I am the proud owner of a black lab named Jazz. When she is resting on her off white dog bed her marvelous black silhouette begs to be painted. A black shape against a white background is the strongest visual contrast possible. If it is your goal is to feature a shape or attract attention to a shape then VALUE CONTRAST works best. Value contrast refers to a colors lightness or darkness. Black is at one end of the value scale and white at the other.
Value contrast works best to make shapes visible. That is why signs are generally made with strong value contrast. Imagine a stop sign painted yellow and pink. While it may be pretty it would cause a lot of accidents. Contrasting values does not mean one should always use black and white. There are times when very subtle value contrasts are appropriate. Fog would be a good example. The values scale in fog may go from a middle dark gray to a middle light gray. Observation is your best teacher when deciding what color contrast is most evident. Other color contrasts include hue and intensity of hue. I will address these contrasts in future "Palette-ables". Value contrast in a painting also creates a more serious effect. If your subject matter is heavy, use value.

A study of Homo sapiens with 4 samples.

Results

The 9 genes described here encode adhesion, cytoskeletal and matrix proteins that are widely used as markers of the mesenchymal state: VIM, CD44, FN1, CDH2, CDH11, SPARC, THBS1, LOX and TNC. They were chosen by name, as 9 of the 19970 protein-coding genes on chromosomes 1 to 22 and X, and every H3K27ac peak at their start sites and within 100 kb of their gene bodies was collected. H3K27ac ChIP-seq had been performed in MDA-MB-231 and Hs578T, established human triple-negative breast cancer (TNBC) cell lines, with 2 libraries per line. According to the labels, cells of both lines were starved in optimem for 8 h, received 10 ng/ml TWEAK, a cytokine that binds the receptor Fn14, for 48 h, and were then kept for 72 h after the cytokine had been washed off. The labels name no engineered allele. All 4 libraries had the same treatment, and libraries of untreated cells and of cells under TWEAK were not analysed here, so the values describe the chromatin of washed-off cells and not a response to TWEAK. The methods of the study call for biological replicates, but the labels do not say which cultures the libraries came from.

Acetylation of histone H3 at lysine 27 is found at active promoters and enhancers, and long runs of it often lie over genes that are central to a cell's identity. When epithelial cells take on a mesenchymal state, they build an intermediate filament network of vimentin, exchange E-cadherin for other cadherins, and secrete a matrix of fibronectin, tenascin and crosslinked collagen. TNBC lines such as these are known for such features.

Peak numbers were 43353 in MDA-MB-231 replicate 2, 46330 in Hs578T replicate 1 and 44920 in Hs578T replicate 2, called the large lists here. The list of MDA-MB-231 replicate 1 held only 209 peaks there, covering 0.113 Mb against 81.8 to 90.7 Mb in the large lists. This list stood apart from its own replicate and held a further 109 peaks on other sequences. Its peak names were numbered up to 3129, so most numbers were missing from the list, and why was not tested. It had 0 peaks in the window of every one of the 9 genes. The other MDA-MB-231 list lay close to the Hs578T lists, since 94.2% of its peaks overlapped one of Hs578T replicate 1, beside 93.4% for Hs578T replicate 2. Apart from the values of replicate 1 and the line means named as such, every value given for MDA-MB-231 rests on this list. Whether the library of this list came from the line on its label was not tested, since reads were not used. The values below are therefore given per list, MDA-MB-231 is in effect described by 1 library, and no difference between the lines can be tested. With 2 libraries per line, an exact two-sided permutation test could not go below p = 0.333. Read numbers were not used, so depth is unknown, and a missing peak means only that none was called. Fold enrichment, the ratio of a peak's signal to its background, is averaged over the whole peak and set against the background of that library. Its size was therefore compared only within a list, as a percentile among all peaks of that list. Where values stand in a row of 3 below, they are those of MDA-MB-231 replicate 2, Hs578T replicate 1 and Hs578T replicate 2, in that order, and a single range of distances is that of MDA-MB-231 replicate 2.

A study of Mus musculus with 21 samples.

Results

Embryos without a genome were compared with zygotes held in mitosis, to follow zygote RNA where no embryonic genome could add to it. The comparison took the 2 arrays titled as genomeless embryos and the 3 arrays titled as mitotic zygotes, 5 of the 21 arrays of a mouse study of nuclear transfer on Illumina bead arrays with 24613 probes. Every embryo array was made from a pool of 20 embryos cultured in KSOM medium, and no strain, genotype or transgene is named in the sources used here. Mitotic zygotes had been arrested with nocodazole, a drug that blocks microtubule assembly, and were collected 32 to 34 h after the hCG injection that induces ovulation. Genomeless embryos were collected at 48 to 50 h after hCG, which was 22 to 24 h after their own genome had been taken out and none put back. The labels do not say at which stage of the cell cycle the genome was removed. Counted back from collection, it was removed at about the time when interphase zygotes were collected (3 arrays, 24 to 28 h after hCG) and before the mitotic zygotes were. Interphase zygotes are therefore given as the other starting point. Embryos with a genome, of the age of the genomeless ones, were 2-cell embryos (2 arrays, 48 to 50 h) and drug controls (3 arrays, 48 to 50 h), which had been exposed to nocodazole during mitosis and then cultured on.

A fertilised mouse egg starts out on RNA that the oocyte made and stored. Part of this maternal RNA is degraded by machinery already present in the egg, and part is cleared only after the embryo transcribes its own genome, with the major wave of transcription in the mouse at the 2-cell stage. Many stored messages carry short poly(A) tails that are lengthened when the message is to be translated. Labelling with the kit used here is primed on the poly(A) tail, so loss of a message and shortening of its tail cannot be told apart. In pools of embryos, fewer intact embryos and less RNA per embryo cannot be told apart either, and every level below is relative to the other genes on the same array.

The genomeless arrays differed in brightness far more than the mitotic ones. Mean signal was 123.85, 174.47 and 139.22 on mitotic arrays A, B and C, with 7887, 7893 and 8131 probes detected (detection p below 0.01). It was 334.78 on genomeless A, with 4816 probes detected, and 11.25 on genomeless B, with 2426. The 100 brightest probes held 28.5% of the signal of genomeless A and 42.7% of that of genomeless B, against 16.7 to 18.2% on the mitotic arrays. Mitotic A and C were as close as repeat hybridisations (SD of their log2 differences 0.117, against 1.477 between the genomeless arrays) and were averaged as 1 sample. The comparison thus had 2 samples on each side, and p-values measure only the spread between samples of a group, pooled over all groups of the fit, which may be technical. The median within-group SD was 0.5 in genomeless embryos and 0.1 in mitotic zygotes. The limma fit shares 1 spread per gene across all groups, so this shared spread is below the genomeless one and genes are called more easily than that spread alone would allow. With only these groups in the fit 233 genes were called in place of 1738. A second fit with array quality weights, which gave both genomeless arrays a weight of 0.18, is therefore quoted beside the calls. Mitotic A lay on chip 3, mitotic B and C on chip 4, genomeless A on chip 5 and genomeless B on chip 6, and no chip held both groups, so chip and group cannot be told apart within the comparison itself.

The simplest way to create value contrast is to use black and white paints. Alternatives used by many painters include charcoal, ink, graphite or anything else you can come up with. Take note that value contrast is the strongest of the color contrasts and will trump any subtle color contrast in the area.
We all begin our art life with a pencil and contrasting values. Do not forsake beautiful value contrasts for pure color when value is the perfect element.
Want to learn more? Purchase my new Skip Lawrence's Secrets of Color videos that cover all aspects of color contrast: Value, Hue, and Intensity.